Time for a New G7?
By: Dave Miller
Following Russia’s annexation of Crimea, the G8 suspended Russia’s membership and cancelled the planned Sochi summit. Soon thereafter, Russia signed a $400 billion natural gas deal with China and began looking to price trade in renminbi. While the oil deal had been in the works for years, the timing underscores the G7’s waning influence and calls into question its static membership in a dynamic world.
For starters, the G7 no longer encompasses the seven largest economic powers—China, the second-largest economy in real GDP, being the most obvious omission. Proponents counter that the G7 countries still make up nearly half of the world’s total output. Yet IMF data show that the G7’s proportion of the global economy has steadily slipped since the mid-1980s. Moreover, according to the Stockholm International Peace Research Institute (SIPRI), G7 defense expenditures as a proportion of global military spending has declined steadily since SIPRI began collecting data in 1988 and now stands at only 53 percent. And removing the United States from consideration paints a vastly different picture, as it accounts for a whopping 70 percent of the G7’s military spending. The next highest spending G7 country (France), actually ranks only fifth globally in expenditures.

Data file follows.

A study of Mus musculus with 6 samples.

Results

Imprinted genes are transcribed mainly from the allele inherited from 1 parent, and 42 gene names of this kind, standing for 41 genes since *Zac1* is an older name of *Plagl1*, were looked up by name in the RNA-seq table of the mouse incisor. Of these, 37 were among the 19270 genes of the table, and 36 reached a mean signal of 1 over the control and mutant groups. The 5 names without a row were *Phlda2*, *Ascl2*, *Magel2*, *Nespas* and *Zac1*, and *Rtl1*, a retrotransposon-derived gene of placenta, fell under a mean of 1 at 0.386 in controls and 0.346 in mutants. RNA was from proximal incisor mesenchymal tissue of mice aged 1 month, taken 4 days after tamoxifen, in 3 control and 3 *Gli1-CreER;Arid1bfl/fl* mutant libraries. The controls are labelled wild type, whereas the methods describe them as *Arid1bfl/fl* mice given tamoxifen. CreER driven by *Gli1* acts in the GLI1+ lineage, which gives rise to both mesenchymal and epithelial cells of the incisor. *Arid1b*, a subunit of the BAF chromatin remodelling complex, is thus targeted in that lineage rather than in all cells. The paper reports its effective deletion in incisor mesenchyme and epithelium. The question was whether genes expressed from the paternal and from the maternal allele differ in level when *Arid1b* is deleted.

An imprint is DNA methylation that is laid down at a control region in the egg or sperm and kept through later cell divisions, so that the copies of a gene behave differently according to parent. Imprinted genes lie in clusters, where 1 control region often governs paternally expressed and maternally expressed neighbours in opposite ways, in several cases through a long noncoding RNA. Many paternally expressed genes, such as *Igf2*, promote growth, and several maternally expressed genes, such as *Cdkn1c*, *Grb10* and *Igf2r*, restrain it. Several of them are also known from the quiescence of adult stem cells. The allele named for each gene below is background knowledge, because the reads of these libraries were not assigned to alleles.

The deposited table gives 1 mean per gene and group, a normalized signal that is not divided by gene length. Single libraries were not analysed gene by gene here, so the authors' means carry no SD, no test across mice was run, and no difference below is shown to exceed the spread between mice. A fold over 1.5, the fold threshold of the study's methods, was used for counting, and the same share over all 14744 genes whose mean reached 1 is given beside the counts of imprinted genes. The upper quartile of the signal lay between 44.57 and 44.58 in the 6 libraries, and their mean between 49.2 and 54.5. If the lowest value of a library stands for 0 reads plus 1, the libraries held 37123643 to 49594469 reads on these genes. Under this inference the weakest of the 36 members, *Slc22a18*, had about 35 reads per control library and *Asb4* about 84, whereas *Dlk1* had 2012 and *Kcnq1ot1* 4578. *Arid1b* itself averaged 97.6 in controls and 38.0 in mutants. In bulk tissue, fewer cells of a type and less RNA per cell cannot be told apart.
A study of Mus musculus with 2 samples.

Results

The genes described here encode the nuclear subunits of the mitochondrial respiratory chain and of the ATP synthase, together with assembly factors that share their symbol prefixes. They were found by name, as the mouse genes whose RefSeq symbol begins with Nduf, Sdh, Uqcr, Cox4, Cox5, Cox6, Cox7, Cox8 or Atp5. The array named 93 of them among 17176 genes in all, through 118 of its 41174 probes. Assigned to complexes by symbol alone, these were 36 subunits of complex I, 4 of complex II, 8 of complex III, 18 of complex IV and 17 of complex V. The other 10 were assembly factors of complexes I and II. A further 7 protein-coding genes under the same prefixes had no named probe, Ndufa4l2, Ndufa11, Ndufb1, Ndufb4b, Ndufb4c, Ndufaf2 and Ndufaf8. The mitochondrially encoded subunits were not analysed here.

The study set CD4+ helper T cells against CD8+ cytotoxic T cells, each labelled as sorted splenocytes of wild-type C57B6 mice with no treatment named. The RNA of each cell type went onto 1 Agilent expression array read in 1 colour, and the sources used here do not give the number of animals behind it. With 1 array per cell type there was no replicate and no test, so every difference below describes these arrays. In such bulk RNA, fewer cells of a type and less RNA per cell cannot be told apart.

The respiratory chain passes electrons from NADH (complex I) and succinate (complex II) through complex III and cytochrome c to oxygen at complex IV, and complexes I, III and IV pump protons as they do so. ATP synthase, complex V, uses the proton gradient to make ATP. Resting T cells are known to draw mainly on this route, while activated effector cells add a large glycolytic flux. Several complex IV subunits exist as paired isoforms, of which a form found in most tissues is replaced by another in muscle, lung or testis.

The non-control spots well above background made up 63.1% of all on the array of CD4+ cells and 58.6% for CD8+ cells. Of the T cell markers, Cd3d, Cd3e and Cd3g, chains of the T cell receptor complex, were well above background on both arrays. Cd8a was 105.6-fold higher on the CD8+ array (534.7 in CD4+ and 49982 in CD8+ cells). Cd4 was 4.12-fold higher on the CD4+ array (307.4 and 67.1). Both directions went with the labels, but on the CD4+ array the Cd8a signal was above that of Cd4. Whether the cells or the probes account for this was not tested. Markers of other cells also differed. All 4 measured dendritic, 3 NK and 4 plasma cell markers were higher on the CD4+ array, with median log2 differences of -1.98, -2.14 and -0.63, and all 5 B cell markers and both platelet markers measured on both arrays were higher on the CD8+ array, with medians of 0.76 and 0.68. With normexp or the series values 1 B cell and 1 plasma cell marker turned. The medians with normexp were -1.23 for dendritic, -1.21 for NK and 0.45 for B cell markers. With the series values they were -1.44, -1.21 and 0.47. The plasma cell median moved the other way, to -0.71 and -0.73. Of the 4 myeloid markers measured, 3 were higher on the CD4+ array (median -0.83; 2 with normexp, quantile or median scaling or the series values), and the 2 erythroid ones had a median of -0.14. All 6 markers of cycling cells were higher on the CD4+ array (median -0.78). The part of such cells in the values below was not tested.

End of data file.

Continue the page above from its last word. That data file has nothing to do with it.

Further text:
The G7’s future is even more troubling. According to Standard Chartered Bank, the combined GDP of Brazil, Russia, India, and China will outpace that of the G7 by 2030. While these projections may prove rosy for emerging markets, the trajectory seems clear. Even if the United States maintains its economic and military lead, it will find itself in a much more competitive international arena. Rising powers such as China and India must be addressed and incorporated peacefully into security and economic regimes. Yet, if the United States prevents access to exclusive decisionmaking bodies such as the G7, it risks pushing them together into alternate, possibly more adversarial, regimes.
Perhaps the G7 is still a useful, if not ideal, international framework. Since it began as an ad hoc organization, one possible solution is adopting a flexible structure. Membership could rotate every four years based on real GDP, military/defense spending, or another metric. In any case, China deserves a seat at the table. Otherwise, policymakers must accept the limitations of the G7 construct if they hope to implement policies with a truly global impact.